For our April 13th Question of the Week, 62% of respondents chose the best answer. We wanted to “take a closer look” into this question.
Before we start though, if you don’t want any spoilers and haven’t tried the question yet, you can answer below: Answer Question
Question: LR loves going to the gym 3 times a week. LR is 78, with Latent Autoimmune Diabetes (LADA) and is on basal bolus insulin. LR also takes a statin and ACE Inhibitor. LR has a history of retinopathy and peripheral neuropathy. During your assessment, LR proudly shares that when on the treadmill, their heart rate never goes above 100 beats per minute.
What best explains this heart rate?
As shown above, the most common choice was option 2, the second most common answer was option 4, then option 1, and finally option 3.
If you are thinking about taking the certification exam, the content of this practice test question will set you up for success. The exam will present questions that require test takers to make sure the answer matches the ADA Standards of Care and best clinical practice.
Answer 1 is incorrect, 10.55% chose this answer, “Excellent cardiovascular health from regular exercise .” On first blush, this answer is tempting, yet it doesn’t consider in all the factors described in the case study. If we look at his age and the presence of microvascular disease and neuropathy, we are correct to suspect that he may also have autonomic neuropathy. Therefore, his low heart rate isn’t an indication of robust health but a sign of autonomic dysfunction.
Answer 2 is correct, 62.38% of you chose this answer, “Cardiac autonomic neuropathy.” Good job! When we look at his age and the presence of microvascular disease and neuropathy, we are right to suspect he also has cardiac autonomic neuropathy. As a result of nerve disease, his heart rate isn’t able to respond to the cardiac demand of intense exercise and never exceeds 100. This “fixed heart rate” is a sign of autonomic dysfunction that warrants further investigation.
Answer 3 is incorrect, 2.98% of you chose this answer, “Stiff heart syndrome.” People with diabetes are more likely to have stiff fibrotic hearts and this can lead to increased risk of heart failure. However, there is no such condition as a “stiff heart syndrome”. This answer was a distractor.
Answer 4 is incorrect, 24.09% of you chose this answer, “ACE Inhibitors can contribute to lower heart rates.” This was our juicy answer. The blood pressure class of ACE Inhibitors does not lower heart rates but does lower blood pressure. The blood pressure class Beta Blockers, can lower heart rate, but it was not included in this question. See our Med Cheat Sheets 2021 | Hypertension, Lipids, and Neuropathy for more info.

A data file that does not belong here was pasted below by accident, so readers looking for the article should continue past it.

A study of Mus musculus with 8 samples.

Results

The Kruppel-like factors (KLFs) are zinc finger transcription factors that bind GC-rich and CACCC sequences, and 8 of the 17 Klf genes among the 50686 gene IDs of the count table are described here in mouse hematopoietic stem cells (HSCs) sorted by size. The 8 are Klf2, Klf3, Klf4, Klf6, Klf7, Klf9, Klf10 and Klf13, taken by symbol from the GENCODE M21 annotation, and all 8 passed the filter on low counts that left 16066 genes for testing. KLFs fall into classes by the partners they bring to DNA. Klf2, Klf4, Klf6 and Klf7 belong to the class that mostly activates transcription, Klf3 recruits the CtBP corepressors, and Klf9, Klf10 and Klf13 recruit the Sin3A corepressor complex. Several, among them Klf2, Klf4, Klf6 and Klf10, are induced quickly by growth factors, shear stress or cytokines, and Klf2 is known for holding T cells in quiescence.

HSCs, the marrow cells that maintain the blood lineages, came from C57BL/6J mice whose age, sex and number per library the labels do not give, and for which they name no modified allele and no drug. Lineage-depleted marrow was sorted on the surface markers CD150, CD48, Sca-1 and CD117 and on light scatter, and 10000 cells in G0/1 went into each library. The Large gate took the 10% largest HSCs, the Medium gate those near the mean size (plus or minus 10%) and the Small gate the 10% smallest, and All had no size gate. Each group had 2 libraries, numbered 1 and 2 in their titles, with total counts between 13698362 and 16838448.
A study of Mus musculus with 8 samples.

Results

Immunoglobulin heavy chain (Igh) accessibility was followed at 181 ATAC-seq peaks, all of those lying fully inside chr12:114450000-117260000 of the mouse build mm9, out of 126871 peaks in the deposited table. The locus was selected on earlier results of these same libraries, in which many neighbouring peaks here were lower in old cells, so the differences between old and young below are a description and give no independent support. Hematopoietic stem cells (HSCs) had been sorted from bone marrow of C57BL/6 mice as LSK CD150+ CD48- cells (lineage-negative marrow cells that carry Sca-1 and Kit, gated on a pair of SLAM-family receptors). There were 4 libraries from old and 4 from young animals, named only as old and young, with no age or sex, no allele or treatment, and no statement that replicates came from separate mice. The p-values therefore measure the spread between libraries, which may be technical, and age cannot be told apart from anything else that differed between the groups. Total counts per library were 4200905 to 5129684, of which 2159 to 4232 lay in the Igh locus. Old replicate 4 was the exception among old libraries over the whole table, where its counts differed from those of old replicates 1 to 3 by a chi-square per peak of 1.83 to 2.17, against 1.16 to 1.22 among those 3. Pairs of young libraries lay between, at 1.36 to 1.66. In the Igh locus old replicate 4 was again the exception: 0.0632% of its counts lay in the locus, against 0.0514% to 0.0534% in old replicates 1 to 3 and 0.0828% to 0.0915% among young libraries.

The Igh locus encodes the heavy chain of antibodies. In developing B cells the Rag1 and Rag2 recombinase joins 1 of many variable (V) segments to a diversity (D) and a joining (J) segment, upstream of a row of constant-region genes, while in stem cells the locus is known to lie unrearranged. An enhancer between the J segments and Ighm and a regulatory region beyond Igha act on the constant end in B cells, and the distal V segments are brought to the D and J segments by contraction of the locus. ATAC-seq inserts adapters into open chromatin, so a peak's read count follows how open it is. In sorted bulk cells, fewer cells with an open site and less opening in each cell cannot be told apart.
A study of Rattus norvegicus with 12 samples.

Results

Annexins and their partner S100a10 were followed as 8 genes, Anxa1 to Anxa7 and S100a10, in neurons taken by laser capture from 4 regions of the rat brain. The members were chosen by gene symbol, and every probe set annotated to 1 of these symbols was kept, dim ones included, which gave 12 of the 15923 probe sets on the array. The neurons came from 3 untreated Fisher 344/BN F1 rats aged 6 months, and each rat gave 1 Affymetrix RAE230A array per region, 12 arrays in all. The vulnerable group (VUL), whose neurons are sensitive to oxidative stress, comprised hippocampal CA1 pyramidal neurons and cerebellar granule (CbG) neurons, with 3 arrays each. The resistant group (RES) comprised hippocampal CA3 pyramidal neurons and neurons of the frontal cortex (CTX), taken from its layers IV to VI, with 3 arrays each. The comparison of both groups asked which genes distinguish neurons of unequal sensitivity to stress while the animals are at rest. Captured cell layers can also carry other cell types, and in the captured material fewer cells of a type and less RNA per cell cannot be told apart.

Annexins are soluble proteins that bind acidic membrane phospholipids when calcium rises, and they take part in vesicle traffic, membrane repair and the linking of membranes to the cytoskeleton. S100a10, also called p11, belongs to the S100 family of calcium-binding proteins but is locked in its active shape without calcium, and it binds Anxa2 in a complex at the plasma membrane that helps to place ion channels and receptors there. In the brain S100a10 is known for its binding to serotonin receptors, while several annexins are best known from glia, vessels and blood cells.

We hope you appreciate this week’s rationale! Thank you so much for taking the time to answer our Question of the Week and participate in this fun learning activity!
Diabetes Education Services Online University Courses are an excellent way to study for your exam anytime and anywhere that is convenient for you. You will have immediate access to your courses for 1 year after your purchase date. Each individual online course includes a: 90-minute video presentation, podcast, practice test, and additional resources.
This course integrates the ADA Standard of Care on elements of a comprehensive medical assessment (Standard 4) of the individual living with prediabetes, diabetes, or hyperglycemia. Through case studies and real-life situations, we discover often hidden causes of hyperglycemia and other complications, such as liver disease, sleep apnea, pancreatitis, autoimmune diseases, fractures, and more. We delve into therapy for complicated situations and discuss management strategies for other conditions associated with hyperglycemia such as Cystic Fibrosis, and Transplants. Join us for this unique and interesting approach to assessing and evaluating the hidden complications of diabetes.
Intended Audience: A great course for healthcare professionals who want to learn the steps involved in providing a thorough lower extremity assessment.